A year ago I was less than kind to the likes of the Equinox. I'm not going to lie, I didn't like it. Anyone who knows me, knows the story. Maybe it was circumstance, maybe I was just having a bad week, or maybe Chevy really did have an unsatisfactory product. Whatever the case, I was left with a bitter taste in my mouth while the rest of the automotive community sang the crossover's praises. I just couldn't bring myself to agree.

Now over a year later, and I was behind the wheel of the latest-gen Chevrolet Equinox again, and I have to say I was a little nervous to slip into the driver's seat. I was nervous I would be as disappointed and feel as strongly as I did about the previous year's model.

Thankfully, such was not the case. While I didn't fall madly in love with it, I also didn't run away repulsed – let's all breathe a collective sigh of relief and move on.

Looking at the 2011 Chevrolet Equinox, I'll say right away I much prefer its look compared to its GMC Terrain sibling. The lines of the Equinox are modern and boxy without being too much so. It maintains the looks of a traditional SUV instead of falling into this almond-shaped, smooth mould a majority of SUVs and CUVs seem to be trapped in. There's something decidedly classic about the look of the Equinox, and that's quite appealing. Black roof rails and chromed fog lights add a certain something to the overall look and finish off the Equinox perfectly.

Inside, that modern, forward-thinking look continues. While nothing is stand-out amazing, it is all quite functional and well designed. The gauge cluster is simple and straightforward without any fancy screens à la Ford. The recessed tachometer and speedometer tie into the modernity of it all and the chromed edging carries over onto the steering wheel and even the centre stack.

Chevrolet-Equinox-2LT-2011_i022001 Chevrolet Equinox 2LT

Equipped with satellite radio, a Pioneer premium 8-speaker audio system and steering wheel-mounted entertainment controls, the Chevy Equinox 2LT is outfitted with the basic necessities of a vehicle. The middle console design and setup is user-friendly and aesthetically pleasing, however, I wish the screen looked a little less dated. There's something about the pixelated blue numbers and text on the screen that remind me of years gone by.

The red-stitched and perforated leather seating in my tester definitely upped the class level inside the Equinox, but it will set you back $800 at the dealer if you decide to go with said option. If not, you get cloth seats, but at least the model comes standard with electrically adjustable front seats that are also heated.

Now, one of the areas in which you'd think the Equinox with shine would be in the cargo and space domain. While it is quite a roomy vehicle for passengers with extremely comfortable seats and great visibility, total cargo space (with the second row down) didn't impress for the size of the vehicle.

As I'm soon to be expecting my first-born (the world has been warned) and would see the Equinox as an ideal family vehicle, I decided to ask a friend to help me with a stroller test. I wanted to see if a generic, one-child stroller would fit easily in the back of the Equinox.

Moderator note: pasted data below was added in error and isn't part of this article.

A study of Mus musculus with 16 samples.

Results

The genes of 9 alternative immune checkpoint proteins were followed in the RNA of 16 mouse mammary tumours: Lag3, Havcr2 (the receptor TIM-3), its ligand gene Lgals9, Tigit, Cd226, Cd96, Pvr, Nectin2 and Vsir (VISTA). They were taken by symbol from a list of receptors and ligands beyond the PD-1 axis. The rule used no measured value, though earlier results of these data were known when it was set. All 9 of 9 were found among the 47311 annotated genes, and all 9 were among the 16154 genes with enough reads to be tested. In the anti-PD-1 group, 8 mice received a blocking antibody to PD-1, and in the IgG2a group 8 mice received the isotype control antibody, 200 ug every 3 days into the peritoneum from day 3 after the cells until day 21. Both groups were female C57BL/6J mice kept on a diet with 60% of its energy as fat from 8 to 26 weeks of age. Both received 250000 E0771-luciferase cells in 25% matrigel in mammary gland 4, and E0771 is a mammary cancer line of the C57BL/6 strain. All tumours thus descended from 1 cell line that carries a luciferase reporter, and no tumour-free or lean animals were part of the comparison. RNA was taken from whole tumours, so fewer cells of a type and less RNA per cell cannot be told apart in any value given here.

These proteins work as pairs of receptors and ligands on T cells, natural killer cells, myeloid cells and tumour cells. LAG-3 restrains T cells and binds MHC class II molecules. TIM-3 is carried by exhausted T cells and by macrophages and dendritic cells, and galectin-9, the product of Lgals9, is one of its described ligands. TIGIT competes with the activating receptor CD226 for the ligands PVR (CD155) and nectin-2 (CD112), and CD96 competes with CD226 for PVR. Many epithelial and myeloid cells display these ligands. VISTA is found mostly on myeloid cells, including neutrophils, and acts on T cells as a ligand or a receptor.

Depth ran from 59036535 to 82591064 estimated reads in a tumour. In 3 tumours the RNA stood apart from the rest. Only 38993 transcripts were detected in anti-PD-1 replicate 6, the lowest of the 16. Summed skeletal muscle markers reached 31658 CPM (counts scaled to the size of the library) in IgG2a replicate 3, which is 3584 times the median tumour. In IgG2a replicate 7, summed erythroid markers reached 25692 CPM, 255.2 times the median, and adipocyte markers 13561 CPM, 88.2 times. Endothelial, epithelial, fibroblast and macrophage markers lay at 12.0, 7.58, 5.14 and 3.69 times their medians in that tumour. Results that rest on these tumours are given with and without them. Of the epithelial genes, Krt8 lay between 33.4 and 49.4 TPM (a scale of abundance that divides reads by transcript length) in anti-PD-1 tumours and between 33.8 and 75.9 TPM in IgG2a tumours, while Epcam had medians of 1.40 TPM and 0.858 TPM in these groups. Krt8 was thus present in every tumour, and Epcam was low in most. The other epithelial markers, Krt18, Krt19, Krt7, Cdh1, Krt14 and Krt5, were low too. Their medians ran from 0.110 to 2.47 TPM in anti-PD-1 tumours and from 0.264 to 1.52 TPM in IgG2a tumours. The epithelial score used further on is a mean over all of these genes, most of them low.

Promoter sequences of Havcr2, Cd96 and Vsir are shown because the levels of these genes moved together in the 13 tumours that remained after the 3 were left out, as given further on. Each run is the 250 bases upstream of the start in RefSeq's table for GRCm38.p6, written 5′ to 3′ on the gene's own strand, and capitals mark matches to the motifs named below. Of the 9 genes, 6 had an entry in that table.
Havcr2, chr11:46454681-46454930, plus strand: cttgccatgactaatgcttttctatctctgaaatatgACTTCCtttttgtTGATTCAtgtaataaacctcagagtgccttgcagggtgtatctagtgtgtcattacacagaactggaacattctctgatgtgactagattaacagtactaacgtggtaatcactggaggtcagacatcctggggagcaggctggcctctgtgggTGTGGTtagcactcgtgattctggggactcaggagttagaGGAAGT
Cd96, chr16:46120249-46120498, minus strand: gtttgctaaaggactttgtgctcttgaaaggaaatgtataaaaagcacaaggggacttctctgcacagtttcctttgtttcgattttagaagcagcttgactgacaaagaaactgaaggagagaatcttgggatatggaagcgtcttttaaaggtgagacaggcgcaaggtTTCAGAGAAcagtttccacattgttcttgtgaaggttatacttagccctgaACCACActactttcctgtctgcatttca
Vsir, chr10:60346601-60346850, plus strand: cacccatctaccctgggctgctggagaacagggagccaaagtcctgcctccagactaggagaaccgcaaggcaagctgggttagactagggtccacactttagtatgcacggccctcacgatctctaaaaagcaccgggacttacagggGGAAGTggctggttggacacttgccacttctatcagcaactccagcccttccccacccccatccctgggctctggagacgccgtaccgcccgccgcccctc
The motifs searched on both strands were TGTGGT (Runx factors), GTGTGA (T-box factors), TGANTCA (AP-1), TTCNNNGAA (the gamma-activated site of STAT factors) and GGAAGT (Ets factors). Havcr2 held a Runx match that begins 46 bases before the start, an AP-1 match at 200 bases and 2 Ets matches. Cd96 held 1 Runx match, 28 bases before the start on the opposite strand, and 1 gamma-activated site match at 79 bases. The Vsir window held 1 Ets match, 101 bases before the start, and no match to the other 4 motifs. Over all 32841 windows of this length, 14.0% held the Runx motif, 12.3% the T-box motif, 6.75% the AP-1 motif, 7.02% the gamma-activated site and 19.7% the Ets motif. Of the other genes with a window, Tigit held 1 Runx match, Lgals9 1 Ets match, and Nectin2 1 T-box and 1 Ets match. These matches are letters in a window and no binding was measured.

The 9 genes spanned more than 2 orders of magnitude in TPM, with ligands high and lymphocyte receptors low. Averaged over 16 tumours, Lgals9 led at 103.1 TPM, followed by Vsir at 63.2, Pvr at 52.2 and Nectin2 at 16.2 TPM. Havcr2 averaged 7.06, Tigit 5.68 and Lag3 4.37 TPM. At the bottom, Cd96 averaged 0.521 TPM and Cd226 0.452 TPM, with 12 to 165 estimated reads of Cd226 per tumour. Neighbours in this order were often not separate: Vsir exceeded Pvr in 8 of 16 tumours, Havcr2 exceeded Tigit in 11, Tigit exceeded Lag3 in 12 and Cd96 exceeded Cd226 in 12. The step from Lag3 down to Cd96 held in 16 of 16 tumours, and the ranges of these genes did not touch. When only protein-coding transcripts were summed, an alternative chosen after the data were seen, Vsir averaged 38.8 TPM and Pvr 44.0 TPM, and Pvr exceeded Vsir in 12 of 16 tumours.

Chevrolet-Equinox-2LT-2011_i012011 Chevrolet Equinox 2LT

Turns out, it won't. The trunk opening and trunk width just isn't large enough to accommodate a stroller no matter how you angle it. So, one of the rear seats had to be folded down and the folded stroller had to be angled in that way. I was not impressed, especially since that same stroller fit in my friend's sedan trunk without a problem.

The power-assisted liftgate system is quite useful, and worth the $520 extra in my opinion, however, the automatic closer does push quite hard on whatever's blocking it and I wonder how it would react to a small hand or body in the way if it pushed as hard as it did on the stroller when it tried to close.

Cargo issues aside, driving the Equinox is quite pleasant. Now, it is not by any means exciting. In fact, the 6-speed automatic transmission feels downright lazy; however, that laziness is designed to save you at the pumps with Chevrolet claiming the Equinox will do an astounding 6.1L/100km on the highway (let's not forget that the hybrid Lexus CT 200h achieved 5.5L/100km).

Unfortunately, I was not able to reach their claimed numbers and averaged 11L/100km throughout the week, which is good for the 4-cylinder. The 182 hp and 172 lb-ft of torque feel pretty non-existent most of the time, but then this isn't supposed to be a speed-demon vehicle.

Where the Chevy Equinox shines is in its urban comfort. It is a larger vehicle, but it doesn't seem that way at all. The rearview camera is well placed and I love the in-rearview mirror view. Driving on crowded downtown streets and even parking on smaller side streets was a breeze.

So, after a year to sit back and think about how I truly felt about the Equinox after a less-than-stellar first meeting, I'm happy to say that the second time was a charm. As I said, I wasn't over-the-moon in love with it, but I can see the allure in the Equinox and why it's so well received.

The near-$34,000 price tag on the FWD 2LT seems a bit steep, but then I remember the interior amenities and the gadgets and it makes sense. Chevy definitely has a contender here, it might not be for everyone, but then that's what buying a car is all about: finding the right match.